Michelle DeFreese is a Mickey Leland International Hunger Fellow based at Sokoine Agricultural University (SUA) with the Innovative Agricultural Research Initiative (iAGRI). James Allen IV is the Research Director for the Community and Economic Development Initiative of Kentucky (CEDIK) at the University of Kentucky. Both were members of the Junior Researcher Task Force at the 2nd International Conference on Global Food Security following theme 2.
“It will take the transformation of institutions to transform the livelihood of farmers.” -Joyce Thamaga-Chitja, University of KwaZulu-Natal, GFS 2015. tweet
Policies and institutions will play a critical role in facilitating the next iteration of a Green Revolution, a sentiment echoed throughout the 2nd International Conference on Global Food Security. Whether this will take the form of M. S. Swaminathan’s “Evergreen Revolution” or Prabhu Pingali’s “Gene Revolution,” experts across multiple disciplines recognize the need for agricultural and other policies to manage the structural transformation in the developing world and meet the challenge to feed 9 billion in the next 35 years.
Yet, policymakers must understand that good agricultural policy has impact beyond food production. In the opening session of the conference, FANRPAN’s Lindiwe Majele Sibanda noted that agriculture offers solutions to combat high youth unemployment. Policies that can incentivize young people to engage in the agricultural sector have the potential to improve unemployment levels while increasing agricultural productivity. Joyce Thamaga-Chitja of the University of KwaZulu-Natal echoed these sentiments when referring to South Africa’s “catastrophic” unemployment rate and the potential for policies to tackle both youth unemployment and increase agricultural production.
Effective policies should focus on improving smallholder farmers’ access to agricultural markets. In her keynote address, Eleni Gabre-Madhin urged policymakers to pursue channels that would empower smallholder farmers to negotiate contracts with traders. For example, informal exchanges between farmers and traders in Indonesia’s shallot market, highlighted in a presentation by the University of Alberta’s Victoria Zeppa and Sandeep Mohapatra, arise from the lack of market access and price uncertainty in remote areas. Research on market access must also be updated in our ever-changing world. Antony Chapoto presented work on the role of assembly traders in Zambian maize markets suggesting that market access cannot simply be defined as distance to the nearest town. Even in rural Africa, agricultural markets are becoming increasingly complex, and our policy-oriented research must reflect that reality.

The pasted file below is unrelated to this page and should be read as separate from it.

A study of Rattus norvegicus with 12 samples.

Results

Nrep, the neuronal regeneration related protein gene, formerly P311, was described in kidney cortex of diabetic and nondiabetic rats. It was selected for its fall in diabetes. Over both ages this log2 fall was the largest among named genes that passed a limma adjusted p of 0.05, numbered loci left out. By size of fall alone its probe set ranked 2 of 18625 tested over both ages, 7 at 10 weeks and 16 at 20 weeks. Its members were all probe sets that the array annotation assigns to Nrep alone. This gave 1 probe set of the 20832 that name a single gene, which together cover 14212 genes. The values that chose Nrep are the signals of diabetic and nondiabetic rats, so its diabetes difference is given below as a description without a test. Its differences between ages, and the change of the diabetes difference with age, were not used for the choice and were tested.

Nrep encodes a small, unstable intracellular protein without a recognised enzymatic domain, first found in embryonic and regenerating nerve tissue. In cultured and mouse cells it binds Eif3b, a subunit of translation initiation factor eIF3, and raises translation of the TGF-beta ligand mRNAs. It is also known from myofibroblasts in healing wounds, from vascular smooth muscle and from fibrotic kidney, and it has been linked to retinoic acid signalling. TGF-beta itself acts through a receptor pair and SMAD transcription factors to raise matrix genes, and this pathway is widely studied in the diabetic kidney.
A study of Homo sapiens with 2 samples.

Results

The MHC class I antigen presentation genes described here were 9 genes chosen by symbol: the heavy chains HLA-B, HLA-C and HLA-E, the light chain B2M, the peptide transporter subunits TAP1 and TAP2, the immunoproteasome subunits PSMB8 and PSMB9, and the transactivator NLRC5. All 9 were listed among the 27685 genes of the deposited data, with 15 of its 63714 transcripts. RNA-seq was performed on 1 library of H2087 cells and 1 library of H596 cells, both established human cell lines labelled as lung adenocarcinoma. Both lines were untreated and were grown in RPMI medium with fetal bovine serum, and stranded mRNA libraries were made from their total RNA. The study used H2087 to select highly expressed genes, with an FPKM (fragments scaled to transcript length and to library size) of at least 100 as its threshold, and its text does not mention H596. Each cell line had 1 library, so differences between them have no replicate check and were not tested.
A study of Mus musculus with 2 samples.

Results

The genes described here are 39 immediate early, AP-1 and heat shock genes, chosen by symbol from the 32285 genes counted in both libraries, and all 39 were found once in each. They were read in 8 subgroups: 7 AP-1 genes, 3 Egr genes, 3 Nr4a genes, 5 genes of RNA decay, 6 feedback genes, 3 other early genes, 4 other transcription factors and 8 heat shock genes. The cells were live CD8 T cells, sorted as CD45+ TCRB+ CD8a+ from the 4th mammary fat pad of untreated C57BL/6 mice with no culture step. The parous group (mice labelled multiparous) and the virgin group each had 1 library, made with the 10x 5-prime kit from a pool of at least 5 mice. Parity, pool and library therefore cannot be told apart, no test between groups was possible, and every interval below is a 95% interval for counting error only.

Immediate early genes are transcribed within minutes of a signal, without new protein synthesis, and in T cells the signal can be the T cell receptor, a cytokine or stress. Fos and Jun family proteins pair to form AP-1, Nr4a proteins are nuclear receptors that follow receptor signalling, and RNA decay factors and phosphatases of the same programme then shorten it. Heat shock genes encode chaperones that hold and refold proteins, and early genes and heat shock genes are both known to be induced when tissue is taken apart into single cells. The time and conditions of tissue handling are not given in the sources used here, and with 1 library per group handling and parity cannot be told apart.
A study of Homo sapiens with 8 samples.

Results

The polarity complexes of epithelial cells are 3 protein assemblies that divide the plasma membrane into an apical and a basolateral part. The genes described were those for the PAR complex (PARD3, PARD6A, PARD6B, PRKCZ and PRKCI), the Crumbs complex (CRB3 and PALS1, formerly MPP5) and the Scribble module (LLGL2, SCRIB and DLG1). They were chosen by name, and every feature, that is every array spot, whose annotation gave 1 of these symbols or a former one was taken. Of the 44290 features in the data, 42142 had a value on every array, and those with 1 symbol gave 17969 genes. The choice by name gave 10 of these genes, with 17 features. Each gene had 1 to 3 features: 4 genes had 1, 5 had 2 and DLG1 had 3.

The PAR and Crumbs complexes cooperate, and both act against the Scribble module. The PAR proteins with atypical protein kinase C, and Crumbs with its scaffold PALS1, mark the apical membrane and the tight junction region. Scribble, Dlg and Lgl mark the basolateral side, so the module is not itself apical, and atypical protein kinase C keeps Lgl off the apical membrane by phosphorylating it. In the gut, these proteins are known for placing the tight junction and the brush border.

South-South cooperation will also play a key role in the development of sound policies and institutions. Nadia Goodman and Christiani Buani of the WFP Centre of Excellence against Hunger (Brazil) demonstrated that social protection policies, such as school-feeding programs in the Gambia and Bangladesh, benefit from the lessons of similar programs implemented in Brazil. While gatherings like the International Conference on Global Food Security offer opportunities for the cross-fertilization of multidisciplinary research and strategies for designing effective policy, more South-South dialogue is needed to discern best practices for nutrition-sensitive food security programming.
Research is leading this effort through project evaluation and cross-country comparisons aimed at showing policymakers the effectiveness of certain interventions. For example, a synthesis of research resulting from rigorous impact evaluations of the World Food Program’s Purchase for Progress (P4P) pilot was presented at the conference by Erin Lentz of University of Texas and Joanna Upton of Cornell University. They found that farmers not associated with P4P were more likely to engage in off-farm activities, begging the question: do large-scale, cash transfer programs discourage farmers from investing in income diversification and, if so, what are the ways policies could be tailored to encourage pro-poor growth while supporting off-farm income generation?
However, research can only do so much, and political will is “an essential ingredient for elevating food and nutrition security into policy agendas,” as recognized in a presentation by Lintelo and Lakshman (2015). Their work seeks to measure political commitment to end hunger and improve nutrition. For this reason, we were heartened that the First Lady of South Africa Mrs. Gertrude Sizakele Khumalo-Zuma (pictured above with conference presenters) and six parliamentarians from Ghana attended last week’s conference. Moving forward, we hope researchers will continue to engage and communicate with policymakers during the design and implementation of policies and programs, focusing on those interventions that offer the greatest potential for improving food security for the world’s poor.